Allotment – Exhibition @ London Metropolitan University Sep.2023

How can urban gardening be reframed as public art? In this project, Magda Olchawska created a multimedia art piece composed of natural materials such as dry flowers, plants from the artist’s urban garden and super greens that grew and changed during the exhibition. She used video and journaling pages to share stories from her childhood in 1980s Poland, which was still under communist oppression.

“Allotment” is a multidimensional project replicating real-life allotments while embodying the broader ecological and sustainable multifunctionality of urban allotments and gardens. The project identifies with ecological art and uses materials already in circulation, cultivating the artist’s plea for sustainability within her creative practice.

Olchawska set up a balcony garden in London in 2022 to explore the possibility of cutting down food expenses by cultivating a garden in a small urban space without access to land. Soon, the garden began integrating into her creative practice, expanding beyond her filmmaking practice and incorporating Olchawska’s environmental advocacy through art.


“Allotment” encapsulates my commitment to working creatively with diverse mediums, making the projects inclusive for neurodiverse individuals. The garden’s live sculpture helps to relax and creates a calming space to move around the installation while exploring different layers and forms utilised in this project. My interest in allotments and small urban gardening spaces was motivated by self-sufficiency and sustainability movements, which gained traction during the COVID-19 pandemic. The title refers to a traditional allotment I represent through video art, plants from my balcony garden, dry flowers and herbs, and my mother’s preserves. The handmade journaling pages illustrate the summer harvest in an abstract way, while the short stories are inspired by my childhood. Despite the terrifying economic and political reality, watching my granny cook and work in her garden gave me the stability I needed. Through actively engaging me in all her activities, unknowingly, my grandmother passed her own tacit knowledge to me.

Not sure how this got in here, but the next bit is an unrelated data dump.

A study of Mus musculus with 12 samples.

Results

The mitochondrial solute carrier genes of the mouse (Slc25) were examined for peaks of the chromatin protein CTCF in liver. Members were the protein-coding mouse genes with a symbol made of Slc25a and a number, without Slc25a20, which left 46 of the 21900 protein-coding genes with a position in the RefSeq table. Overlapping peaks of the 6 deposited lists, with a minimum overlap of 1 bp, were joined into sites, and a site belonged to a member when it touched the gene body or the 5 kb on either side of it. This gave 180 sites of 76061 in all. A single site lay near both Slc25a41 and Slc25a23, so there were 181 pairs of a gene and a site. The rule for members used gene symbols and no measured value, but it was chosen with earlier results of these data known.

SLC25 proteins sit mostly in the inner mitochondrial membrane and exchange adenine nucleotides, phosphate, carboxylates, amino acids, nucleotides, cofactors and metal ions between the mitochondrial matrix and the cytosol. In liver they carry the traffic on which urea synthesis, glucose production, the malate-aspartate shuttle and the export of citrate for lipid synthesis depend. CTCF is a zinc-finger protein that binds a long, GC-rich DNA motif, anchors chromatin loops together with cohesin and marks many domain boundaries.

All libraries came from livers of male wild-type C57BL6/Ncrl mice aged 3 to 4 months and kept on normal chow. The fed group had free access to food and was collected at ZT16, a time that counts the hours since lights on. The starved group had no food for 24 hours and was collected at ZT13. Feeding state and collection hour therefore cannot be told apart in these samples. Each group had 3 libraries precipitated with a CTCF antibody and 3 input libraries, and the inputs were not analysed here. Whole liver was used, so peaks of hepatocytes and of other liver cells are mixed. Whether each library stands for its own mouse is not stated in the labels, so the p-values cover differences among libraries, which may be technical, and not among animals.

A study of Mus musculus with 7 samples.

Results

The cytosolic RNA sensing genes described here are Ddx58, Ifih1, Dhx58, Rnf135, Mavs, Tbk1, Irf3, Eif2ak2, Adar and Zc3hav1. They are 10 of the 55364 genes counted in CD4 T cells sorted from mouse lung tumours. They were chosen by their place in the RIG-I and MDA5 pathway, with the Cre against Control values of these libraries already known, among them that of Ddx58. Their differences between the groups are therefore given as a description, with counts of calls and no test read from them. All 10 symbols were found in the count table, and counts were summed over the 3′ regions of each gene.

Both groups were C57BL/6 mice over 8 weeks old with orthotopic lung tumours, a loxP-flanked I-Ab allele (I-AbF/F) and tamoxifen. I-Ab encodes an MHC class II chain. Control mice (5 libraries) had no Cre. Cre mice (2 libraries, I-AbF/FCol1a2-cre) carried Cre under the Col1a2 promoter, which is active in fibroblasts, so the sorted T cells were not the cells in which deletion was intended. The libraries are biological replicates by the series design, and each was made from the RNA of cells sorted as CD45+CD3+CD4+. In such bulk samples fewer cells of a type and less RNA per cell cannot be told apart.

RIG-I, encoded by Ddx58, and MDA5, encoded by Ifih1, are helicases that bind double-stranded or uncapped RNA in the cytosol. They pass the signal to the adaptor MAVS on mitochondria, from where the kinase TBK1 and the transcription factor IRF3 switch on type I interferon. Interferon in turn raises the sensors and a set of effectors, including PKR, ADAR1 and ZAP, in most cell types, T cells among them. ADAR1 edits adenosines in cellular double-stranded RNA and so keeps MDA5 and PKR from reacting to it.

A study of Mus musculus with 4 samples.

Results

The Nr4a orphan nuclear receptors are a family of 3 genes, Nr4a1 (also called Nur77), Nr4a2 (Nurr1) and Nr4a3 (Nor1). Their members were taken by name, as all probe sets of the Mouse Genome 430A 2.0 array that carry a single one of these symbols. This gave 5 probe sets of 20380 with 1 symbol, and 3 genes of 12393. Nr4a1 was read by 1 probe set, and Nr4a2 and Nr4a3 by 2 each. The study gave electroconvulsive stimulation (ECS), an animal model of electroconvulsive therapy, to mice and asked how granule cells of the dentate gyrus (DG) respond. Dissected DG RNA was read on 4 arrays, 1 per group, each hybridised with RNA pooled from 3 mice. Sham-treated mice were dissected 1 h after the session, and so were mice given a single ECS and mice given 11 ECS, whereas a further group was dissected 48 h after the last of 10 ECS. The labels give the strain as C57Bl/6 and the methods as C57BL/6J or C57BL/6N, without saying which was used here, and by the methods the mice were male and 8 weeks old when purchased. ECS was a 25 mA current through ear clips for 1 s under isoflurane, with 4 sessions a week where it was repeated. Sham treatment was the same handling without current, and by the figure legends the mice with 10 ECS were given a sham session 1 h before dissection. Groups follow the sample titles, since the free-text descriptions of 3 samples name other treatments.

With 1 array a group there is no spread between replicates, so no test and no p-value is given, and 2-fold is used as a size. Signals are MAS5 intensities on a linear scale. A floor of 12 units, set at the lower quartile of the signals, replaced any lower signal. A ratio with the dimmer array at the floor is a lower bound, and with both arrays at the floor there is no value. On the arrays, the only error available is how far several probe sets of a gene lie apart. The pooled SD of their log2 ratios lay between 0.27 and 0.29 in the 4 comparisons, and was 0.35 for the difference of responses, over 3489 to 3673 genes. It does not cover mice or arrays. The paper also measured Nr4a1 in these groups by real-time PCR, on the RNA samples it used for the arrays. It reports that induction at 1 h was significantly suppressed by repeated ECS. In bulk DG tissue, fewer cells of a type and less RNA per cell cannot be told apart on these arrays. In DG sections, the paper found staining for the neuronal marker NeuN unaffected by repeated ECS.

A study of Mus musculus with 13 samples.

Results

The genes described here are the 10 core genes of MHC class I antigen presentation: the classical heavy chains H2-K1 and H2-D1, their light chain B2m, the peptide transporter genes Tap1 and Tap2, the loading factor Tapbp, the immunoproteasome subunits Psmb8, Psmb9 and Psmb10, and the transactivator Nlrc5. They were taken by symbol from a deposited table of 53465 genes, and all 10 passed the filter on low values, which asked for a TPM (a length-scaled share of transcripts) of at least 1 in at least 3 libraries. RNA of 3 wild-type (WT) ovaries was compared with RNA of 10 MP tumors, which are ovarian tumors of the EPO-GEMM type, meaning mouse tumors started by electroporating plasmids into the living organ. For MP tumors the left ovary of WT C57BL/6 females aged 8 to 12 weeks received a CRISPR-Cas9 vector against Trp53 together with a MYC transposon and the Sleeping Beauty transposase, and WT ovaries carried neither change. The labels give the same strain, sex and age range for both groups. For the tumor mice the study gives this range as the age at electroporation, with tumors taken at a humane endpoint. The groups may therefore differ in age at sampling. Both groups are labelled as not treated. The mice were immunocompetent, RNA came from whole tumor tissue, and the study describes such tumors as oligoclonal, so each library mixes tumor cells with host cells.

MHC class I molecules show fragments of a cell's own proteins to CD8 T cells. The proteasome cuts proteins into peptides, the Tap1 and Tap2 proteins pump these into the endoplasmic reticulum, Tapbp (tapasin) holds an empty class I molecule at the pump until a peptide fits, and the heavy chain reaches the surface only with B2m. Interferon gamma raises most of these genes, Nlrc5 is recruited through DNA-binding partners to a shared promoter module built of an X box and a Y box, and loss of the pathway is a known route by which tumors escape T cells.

The installation aspires to engage the audience by recreating an actual allotment with the creative use of diverse textures, fabrics and mediums, imitating multilayered elements that allotments are made of. The project, relies on materials which are already in circulation. For instance, my plants grow in pods sourced from family and friends. I reuse the small plastic containers for seedlings or plastic food trays to grow super greens. The paper for the journaling pages and jute were recycled from my parent’s house. Long-term sustainability in my creative practice and focus on environmental issues defines my work as ecological art. The “Allotment” project depicts my love of gardens and commitment to growing plants and food in limited spaces. Furthermore, the project aims to redefine future allotments and small green areas in the face of fast-approaching food supply and ecological disruptions driven by unprecedented environmental changes. Embracing inherited tacit knowledge could be the answer to locally grown food.